Killer Joe

Thomas Haden Church and Matthew McConaughey in “Killer Joe”

Fried chicken, beer, monster trucks, a trailer home, a hired killer, a crazy family and numerous other white trash elements provide the ambiance for the tense, violent, darkly comic, movie version of Tracy Letts’ play “Killer Joe.”  The film has been directed by William Friedkin (“The French Connection” 1971, “The Exorcist” 1973, “To Live and Die in LA” 1985).  Friedkin sure could use a hit and I think, after many years, he has one here, albeit on a smaller scale than some of his past films.

“Killer Joe” is that rare example of the movie version exceeding the play.  I saw the play many years ago.  It starred Scott Glenn and Michelle Williams.  They were fine, but “Killer Joe” the movie, has a killer cast (sorry, couldn’t resist) in Matthew McConaughey, Emile Hirsch, Juno Temple, Thomas Haden Church and Gina Gershon.  The story, which in the theatre all took place in the living room of a trailer home, has been nicely opened up with the proceedings taking place in many locations, all of which contribute to the atmosphere of the piece.

As for the story, it is one of a simple plan that goes terribly wrong.  “Killer Joe” reminded me of many other films, while, at the same time, maintaining its originality.  I think this is due to the story’s tone which Letts, who also wrote the screenplay, is able to skillful shift back and forth from suspense, to comedy, to film noir, to sheer terror and violence.

The films that “Killer Joe” brings to mind are “Blood Simple” (1984), “Red Rock West” (1993), “A Simple Plan” (1998), and director Sidney Lumet’s final film, “Before the Devil Knows You’re Dead” (2007).  I recall seeing Lumet at an event honoring his work, which took place the night before “Devil” opened.  He talked about how he likes to make films about people doing things for the first time.  A look at Lumet’s filmography reveals that this is true of quite a few of his movies.   To bring this back to “Killer Joe,” it is the story of a young man, Chris Smith (Hirsch), a drug dealer down on his luck.  Chris hires the titular hit man, a first time venture, to kill his no good mother, in order to get her life insurance money.  Yes, the  premise is  certainly cringe worthy, especially when Chris involves his father Ansel (Church), his sister Dottie (Temple) and Sharla (Gershon), Ansel’s live in girlfriend, in the scheme.  At the same time Letts’ carefully constructed story and well placed expositional dialogue lulls us into accepting the premise by the way the mother, a largely off camera presence, is so carefully, and negatively, portrayed.  The audience is turned into an accomplice while alliances are made and broken.  Slowly but inevitably, all Hell breaks loose.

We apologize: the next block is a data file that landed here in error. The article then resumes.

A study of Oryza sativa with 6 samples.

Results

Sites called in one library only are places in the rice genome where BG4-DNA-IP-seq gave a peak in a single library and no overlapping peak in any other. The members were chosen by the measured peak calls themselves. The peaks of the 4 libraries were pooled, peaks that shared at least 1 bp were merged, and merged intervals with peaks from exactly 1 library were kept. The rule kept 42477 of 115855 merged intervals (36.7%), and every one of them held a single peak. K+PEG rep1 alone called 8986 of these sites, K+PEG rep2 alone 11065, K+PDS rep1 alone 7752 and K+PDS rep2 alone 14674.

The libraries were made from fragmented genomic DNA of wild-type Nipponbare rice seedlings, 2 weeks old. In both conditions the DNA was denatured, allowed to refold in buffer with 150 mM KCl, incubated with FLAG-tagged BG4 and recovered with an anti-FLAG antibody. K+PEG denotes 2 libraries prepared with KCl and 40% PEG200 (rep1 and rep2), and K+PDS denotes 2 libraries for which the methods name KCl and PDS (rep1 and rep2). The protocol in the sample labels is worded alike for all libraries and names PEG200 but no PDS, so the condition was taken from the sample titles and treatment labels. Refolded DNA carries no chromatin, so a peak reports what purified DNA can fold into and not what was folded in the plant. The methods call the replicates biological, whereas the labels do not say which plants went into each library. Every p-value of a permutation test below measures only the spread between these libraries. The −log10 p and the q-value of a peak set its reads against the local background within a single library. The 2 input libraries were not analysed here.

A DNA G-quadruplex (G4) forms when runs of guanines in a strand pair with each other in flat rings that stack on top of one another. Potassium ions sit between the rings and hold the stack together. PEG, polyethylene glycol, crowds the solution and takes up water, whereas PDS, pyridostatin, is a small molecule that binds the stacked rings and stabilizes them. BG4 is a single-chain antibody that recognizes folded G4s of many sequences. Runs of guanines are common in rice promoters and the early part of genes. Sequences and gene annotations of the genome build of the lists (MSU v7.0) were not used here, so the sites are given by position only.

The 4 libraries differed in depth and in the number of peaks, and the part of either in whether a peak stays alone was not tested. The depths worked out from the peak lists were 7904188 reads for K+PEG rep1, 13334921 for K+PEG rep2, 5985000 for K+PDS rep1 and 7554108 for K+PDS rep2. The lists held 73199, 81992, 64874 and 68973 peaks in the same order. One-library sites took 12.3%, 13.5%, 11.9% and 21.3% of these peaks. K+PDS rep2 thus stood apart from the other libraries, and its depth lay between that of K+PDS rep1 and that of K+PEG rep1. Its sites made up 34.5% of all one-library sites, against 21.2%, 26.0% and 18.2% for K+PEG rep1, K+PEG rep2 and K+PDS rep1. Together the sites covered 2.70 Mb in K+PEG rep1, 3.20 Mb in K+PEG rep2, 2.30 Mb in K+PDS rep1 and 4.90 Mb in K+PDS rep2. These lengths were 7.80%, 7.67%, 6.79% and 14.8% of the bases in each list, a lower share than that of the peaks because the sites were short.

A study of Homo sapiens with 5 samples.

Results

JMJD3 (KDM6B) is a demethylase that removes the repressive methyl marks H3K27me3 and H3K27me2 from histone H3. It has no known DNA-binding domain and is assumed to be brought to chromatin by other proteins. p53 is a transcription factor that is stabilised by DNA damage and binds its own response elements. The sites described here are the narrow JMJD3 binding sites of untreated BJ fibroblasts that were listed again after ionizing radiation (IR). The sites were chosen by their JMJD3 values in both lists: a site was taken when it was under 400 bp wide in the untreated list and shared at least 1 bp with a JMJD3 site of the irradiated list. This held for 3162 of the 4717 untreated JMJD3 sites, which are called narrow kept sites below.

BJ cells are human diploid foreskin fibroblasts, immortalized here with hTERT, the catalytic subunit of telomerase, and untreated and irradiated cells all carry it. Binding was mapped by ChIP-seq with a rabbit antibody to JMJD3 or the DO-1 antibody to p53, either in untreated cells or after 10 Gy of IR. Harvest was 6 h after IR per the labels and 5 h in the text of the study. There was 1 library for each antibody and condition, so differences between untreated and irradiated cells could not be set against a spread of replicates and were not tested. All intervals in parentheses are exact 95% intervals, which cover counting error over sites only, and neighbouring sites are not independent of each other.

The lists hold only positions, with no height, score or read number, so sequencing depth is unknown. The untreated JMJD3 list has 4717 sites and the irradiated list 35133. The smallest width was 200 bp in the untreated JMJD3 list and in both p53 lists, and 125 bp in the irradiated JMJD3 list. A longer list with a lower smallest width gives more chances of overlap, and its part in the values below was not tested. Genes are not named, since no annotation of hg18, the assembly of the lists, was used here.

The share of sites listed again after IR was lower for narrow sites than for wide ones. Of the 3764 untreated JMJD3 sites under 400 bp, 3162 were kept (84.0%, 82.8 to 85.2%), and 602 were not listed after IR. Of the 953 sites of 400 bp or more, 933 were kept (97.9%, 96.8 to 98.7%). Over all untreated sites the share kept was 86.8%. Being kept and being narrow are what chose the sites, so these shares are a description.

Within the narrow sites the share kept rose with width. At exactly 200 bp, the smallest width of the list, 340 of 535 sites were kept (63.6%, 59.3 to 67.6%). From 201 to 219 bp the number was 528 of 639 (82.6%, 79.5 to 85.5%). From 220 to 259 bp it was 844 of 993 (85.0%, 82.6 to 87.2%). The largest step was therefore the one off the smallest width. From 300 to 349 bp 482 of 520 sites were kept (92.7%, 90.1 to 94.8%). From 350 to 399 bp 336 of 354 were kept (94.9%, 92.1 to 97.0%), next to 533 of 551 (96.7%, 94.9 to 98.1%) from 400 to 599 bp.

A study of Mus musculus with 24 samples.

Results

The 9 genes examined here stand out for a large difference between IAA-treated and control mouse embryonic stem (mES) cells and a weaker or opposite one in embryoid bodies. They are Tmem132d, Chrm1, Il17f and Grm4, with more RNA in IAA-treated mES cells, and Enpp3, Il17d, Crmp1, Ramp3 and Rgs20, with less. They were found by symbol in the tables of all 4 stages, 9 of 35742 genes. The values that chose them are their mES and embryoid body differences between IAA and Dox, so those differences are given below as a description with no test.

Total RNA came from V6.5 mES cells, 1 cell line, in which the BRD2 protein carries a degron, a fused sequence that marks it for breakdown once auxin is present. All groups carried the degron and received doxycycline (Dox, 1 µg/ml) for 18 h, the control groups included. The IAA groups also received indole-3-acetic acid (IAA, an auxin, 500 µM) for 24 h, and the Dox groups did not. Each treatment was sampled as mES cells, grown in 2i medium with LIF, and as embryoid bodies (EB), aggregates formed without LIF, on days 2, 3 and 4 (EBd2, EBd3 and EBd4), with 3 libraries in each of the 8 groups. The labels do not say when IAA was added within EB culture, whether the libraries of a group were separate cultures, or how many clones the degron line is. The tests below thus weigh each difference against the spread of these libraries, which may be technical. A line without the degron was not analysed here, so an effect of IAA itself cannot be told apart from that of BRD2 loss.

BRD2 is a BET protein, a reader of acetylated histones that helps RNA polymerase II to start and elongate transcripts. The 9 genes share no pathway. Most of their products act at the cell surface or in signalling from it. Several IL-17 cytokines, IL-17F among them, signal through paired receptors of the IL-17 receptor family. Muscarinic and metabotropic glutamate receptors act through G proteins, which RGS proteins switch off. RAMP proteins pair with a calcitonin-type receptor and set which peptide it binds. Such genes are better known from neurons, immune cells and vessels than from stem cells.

McConaughey’s performance, as the title character is tight, frightening and controlled.  Hirsch is comically desperate and gullible as Chris, who only thinks he has his bases covered.  Temple’s performance as Dottie, the human retainer against Joe’s killer fee is appropriately innocent, nubile and naïve.  Gershon and Church round out the cast as a letter perfect white trash couple in over their heads.

Be warned, “Killer Joe” is not for everyone.  However those who dare to enter this world will be rewarded with a horrifically funny, sardonically bloody, and ultimately satisfying, tale.

“Killer Joe” director William Friedkin, 2012,

LD Entertainment, 103 minutes, rated NC-17


Up until 2009 Seth Shire spent nearly two decades in the New York film industry as a post production supervisor of feature films. Highlights include working on the films of Martin Scorsese, James Toback and Spike Lee. Since leaving the film industry Seth has expanded into new and varied areas where he has found a great deal of satisfaction. Seth currently teaches in the Sociology Department of CUNY Queens College. His courses include "Mass Media and Popular Culture," "Introduction to Sociology," and "Sociology of Cinema" where he is a very popular teacher. Seth is also the film critic for "Town & Village," a Manhattan weekly newspaper, a position he has held for the past six years. Seth gives back to his community through volunteer teaching at Manhattan's "The Caring Community," a center for senior citizens, where he teaches a very popular course on documentaries called "The Golden Age of the Documentary. In the fall of 2010 Seth taught "Critical Reading and Writing" at Parsons School of Design. He has also taught "Cinema Studies" at the New York Film Academy. Seth lives in Stuyvesant Town, in Manhattan.

Posted on August 7, 2012, in New and tagged , , , , , , , , , , , , , , , , , . Bookmark the permalink. Leave a comment.